Abuse teacher jailed indefinitely


A primary school teacher who filmed himself sexually abusing young girls in his classroom was today described as a "paedophile of the most sickening order" after being jailed indefinitely.

An independent serious case review has been commissioned to establish if authorities could have acted sooner to prevent Nigel Leat sexually assaulting the pupils in his care, the youngest of which was six-years-old, over the course of five years.

Leat, of Bloomfield Road, Bristol, last week admitted the abuse of five girls and pleaded guilty to 36 offences, including the attempted rape of a child and carrying out sexual assaults on children.

The 51-year-old was today given an indeterminate sentence and will serve at least eight-and-a-half years for the abuse which happened at Hillside First School in Weston-super-Mare, Somerset.

Detective Superintendent Geoff Wessell, of Avon and Somerset Police, said Leat had "preyed on the children" and "abused them in the most sick way".

The public gallery at Bristol Crown Court was full as relatives of Leat's victims watched him being sentenced.

The families listened in disbelief and sobbed as they heard Judge Neil Ford QC outline the shocking details and extent of Leat's actions.

Judge Ford told Leat: "Your manipulation of the children was clever, cunning and insidious. It was also wicked."

The father-of-two, who had worked at the school for 15 years, wore dark glasses and sat with his head bowed starring at the floor in the dock as he was sentenced.

The judge added: "I am of the opinion you do represent a serious risk to young girls. These offences were carried out over a long period of time with great regularity.

"You have the ability to befriend young girls and persuade them to participate in sexual behaviour."

The judge said Leat had told a psychiatrist he was unable to stop.

"You told him you couldn't stop, you couldn't think of anything else but to take your camera to school and make films. You described it as an obsession," he said.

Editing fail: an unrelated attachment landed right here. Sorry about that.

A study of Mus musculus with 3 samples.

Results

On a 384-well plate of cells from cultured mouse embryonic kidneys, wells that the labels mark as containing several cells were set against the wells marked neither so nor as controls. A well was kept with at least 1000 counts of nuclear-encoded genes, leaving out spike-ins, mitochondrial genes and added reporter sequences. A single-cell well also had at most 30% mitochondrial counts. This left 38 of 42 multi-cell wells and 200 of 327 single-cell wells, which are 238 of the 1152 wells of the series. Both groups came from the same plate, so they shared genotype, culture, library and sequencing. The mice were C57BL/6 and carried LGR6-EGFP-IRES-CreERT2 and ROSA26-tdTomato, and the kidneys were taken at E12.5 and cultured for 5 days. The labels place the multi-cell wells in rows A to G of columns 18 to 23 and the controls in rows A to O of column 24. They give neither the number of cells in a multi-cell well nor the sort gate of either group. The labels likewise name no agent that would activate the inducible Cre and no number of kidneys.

"You were in a position of authority and trust. You were able to carry out repeated abuse. No members of staff or parents suspected that you were conducting this abuse.

"You carried out a catalogue of abuse at a place where children were expected to be wholly safe," he added.

The court heard details on Friday of how Leat would molest the girls as they practised their reading aloud in class, getting them to perform sex acts on him at the same time and filming the abuse.

Police revealed that Leat used to identify "star pupils", referring to them as "sweetie pie" and darling" and showering them with gifts before abusing them in one-to-one reading sessions. Videos, which were up to 10 minutes long, showed the abuse took place in the school's staffroom and a resource room.

He also wrote sickening letters to them, describing what he wanted to do and asking them to perform sex acts on him. In the letters the children can then be seen to reply.

Leat initially denied all the claims against him, but confessed after police found the films on his home computer.

After police arrested him on December 13 last year, they discovered about 30,500 indecent photographs and 720 indecent movies in his possession.

Speaking outside court Mr Wessell, the senior investigating officer on the case said: "Nigel Leat is a predatory paedophile of the most sickening order who has preyed on the children of his school and abused them in the most sick way."

He added it was the "worst breach of trust" he had ever come across in his career and paid tribute to his victims who had come forward and ensured "Leat will stay in prison for a long time".

North Somerset Council revealed there would be an independent serious case review and an ongoing disciplinary process following the suspension of the head teacher at Hillside First School.

The council added in a statement: "Nigel Leat's sickening actions have had a devastating impact on the victims, their families and everyone connected with the school.

"Since his arrest in December, our educational psychologists, social workers and other staff from North Somerset Council have been in the school regularly supporting children, parents and staff."

The council said the local Safeguarding Children Board decided in January to commission an independent serious case review to examine the circumstances around what had happened and if action could have been taken earlier that would have prevented abuse. The review is expect to be completed by early autumn.

During the course of joint investigations with the police, the council said concerns had been raised about leadership and management at the school, which had led to the suspension of head teacher Chris Hood in January.

The council added a disciplinary process is ongoing and likely to conclude next month, but was keen to highlight there is no police involvement in the process and no ongoing investigations of any other members of staff at the school.

The abuse had gone undetected at the school until December last year when one victim told her mother that Leat had been touching her.